In January of 1947 the body of a woman, later identified as Elizabeth Short, was found mutilated and abandoned in a vacant lot Los Angeles. In the papers (ever eager to run with a story of this ilk), she became known as "the Black Dahlia" after a film of the same name.
In June of 1958 the assault and murder of another woman, Jean Hilliker (formerly Ellroy), hit the L.A. papers. Unfortunately, there were probably many other victims who came in between them, but these would be the two murders that most impacted the life of the young James Ellroy (still known then as Lee Earle Ellroy).
As described in the afterword to this 2006 edition of his book (which accompanied the release of its movie adaptation), the fictionalized story is inspired by the lives and deaths of both women. In real life, both murders remain unsolved.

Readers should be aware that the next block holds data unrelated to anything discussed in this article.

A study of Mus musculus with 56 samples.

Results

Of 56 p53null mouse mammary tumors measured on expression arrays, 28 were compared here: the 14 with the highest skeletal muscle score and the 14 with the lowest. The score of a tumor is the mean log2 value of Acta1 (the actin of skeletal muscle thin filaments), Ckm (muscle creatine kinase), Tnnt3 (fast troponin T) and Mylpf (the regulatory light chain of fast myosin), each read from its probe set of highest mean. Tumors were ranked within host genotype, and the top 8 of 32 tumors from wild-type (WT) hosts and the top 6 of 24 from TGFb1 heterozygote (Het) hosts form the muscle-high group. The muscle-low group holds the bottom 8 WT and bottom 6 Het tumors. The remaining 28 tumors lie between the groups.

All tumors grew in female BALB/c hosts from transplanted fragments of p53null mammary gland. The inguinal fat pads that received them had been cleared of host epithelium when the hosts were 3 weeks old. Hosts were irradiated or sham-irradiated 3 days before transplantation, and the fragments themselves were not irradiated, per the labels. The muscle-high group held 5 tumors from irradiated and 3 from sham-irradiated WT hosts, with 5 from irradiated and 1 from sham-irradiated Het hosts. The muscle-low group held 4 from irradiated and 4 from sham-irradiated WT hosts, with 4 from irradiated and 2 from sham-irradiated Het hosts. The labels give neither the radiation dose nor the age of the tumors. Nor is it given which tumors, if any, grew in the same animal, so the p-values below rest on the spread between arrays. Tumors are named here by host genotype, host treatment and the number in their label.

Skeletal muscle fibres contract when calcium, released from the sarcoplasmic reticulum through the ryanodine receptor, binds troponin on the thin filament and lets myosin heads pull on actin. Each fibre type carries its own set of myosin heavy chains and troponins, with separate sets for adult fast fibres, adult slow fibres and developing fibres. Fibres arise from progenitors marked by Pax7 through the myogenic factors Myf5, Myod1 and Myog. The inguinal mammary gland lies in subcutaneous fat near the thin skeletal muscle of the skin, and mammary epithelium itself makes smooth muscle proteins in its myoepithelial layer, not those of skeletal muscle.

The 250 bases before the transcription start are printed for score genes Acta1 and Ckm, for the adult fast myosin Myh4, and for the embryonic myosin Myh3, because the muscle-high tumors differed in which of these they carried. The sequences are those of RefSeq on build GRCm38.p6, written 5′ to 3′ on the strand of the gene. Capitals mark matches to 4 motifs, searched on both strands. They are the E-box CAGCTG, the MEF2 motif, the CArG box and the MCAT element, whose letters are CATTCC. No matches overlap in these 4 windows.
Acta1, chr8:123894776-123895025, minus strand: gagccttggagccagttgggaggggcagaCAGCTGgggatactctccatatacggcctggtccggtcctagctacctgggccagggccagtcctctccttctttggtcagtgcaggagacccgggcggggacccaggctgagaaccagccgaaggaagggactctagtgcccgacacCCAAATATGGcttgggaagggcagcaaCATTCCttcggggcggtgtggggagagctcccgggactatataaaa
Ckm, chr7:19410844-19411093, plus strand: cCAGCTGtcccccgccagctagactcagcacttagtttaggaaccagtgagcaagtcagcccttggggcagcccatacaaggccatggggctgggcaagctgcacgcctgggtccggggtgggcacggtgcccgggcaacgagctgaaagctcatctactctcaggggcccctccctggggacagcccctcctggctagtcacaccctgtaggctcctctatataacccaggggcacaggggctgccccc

James Ellroy's world is a dark, dark place, one that is corrupt in every sense of the word. The detective (and ersatz Ellroy), Dwight "Bucky" Bleichert, though by no means naïve at the start, comes to see how the most gruesome elements can seep into and pervade every aspect of one's life. Innocence isn't lost, it was never there to begin with.
The writing is frantic and maniacal at times – intentionally so. The characters' frustrations become your own. I found myself putting the book down and picking it back up in a huff, too haunted to just leave it alone. I certainly could not live on a literary diet James Ellroy alone (though I imagine that doing so would result in actual weight loss), but he is an undeniably powerful writer whose words (like the Dahlia's smile) will never really leave you alone.